Speech recognition has come a long way. Most people speak quicker than they type, but Office has yet to fully embrace speech recognition. Dictate aims to change this – it’s a free plugin for Word, Outlook and PowerPoint that taps into Cortana’s speech-recognition engine to give you the power to dictate documents, emails and presentations.
Dictate is produced by Microsoft’s Garage arm, which houses small, self-contained teams who tinker with new technology. This means it’s low on fancy features, but high on key functionality.
Installation is simple enough, and then you’ll find a new Dictate tab on the Office ribbon. Select it and there’s a threadbare collection of options. First, set the 'From' drop-down to match your language and region (20 languages, plus regional variations, are supported), so Dictate can understand you better. The 'To' drop-down allows you to translate your dictation into another language if you wish – over 60 are supported out of the box, using Bing’s translation engine.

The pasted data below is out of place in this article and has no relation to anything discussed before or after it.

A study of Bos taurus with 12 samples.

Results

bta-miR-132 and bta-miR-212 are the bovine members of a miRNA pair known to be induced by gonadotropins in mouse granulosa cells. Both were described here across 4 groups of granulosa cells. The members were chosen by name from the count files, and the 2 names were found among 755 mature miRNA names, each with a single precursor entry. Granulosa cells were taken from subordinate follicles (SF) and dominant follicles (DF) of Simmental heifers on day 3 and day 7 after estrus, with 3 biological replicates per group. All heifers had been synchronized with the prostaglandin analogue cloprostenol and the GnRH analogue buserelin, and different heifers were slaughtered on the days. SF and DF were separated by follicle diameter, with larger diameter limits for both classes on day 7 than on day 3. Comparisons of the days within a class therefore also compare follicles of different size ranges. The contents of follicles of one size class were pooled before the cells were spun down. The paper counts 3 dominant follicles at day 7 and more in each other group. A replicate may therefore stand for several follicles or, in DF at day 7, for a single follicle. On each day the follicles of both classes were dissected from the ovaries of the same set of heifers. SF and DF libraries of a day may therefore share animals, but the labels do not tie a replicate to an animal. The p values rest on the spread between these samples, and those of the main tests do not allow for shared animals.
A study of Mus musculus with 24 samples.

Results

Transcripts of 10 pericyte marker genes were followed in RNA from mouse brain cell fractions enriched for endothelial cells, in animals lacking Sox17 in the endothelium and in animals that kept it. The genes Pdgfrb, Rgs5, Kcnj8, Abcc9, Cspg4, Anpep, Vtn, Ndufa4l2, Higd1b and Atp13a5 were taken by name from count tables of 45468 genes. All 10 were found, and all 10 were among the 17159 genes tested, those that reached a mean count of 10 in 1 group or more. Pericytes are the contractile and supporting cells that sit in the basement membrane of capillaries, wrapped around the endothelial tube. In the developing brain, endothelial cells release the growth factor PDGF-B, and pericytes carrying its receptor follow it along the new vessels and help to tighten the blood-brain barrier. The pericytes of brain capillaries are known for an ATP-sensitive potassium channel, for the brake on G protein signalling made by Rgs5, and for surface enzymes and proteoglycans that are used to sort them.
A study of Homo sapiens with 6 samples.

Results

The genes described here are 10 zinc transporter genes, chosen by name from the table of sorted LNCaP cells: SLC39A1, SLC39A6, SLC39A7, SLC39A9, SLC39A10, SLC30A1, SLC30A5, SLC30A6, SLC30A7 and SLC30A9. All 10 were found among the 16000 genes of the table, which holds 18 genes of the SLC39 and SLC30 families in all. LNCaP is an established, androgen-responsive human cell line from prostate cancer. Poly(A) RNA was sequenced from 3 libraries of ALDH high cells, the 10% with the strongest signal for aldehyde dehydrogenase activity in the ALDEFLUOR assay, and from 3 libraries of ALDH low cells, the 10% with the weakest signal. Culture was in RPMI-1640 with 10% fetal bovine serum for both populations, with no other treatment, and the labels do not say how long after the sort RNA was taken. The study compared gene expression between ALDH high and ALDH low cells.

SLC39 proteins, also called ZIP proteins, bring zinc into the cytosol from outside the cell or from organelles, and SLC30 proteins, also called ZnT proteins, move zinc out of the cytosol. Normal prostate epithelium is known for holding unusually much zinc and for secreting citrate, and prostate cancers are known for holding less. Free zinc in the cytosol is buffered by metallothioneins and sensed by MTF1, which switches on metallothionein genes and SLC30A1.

Finally, click the 'Manual Punctuation' button if you’d rather control punctuation through phrases like 'period' and 'question mark' rather than have Dictate attempt to automatically punctuate as you speak (it’s surprisingly good, but only works with English so far).
Dictate works with your default mic, so you’ll need to set that up via the Sounds icon in the Taskbar Notification area, then it’s just a case of clicking the Start button and you can start dictating. A response bar in the Dictation tab shows you if your voice is being picked up, and then reasonably quickly words will start to appear.
Dictate works reasonably well, but mistakes will be made, and you’ll need to keep an eye as you go – you can still type while dictating, so it’s up to you if you want to try correcting yourself while you carry on.
This download is for 64-bit versions of Office. Click here to get the 32-bit version (find out which version of Office you’re running from the File ribbon – choose Account and click 'About Word').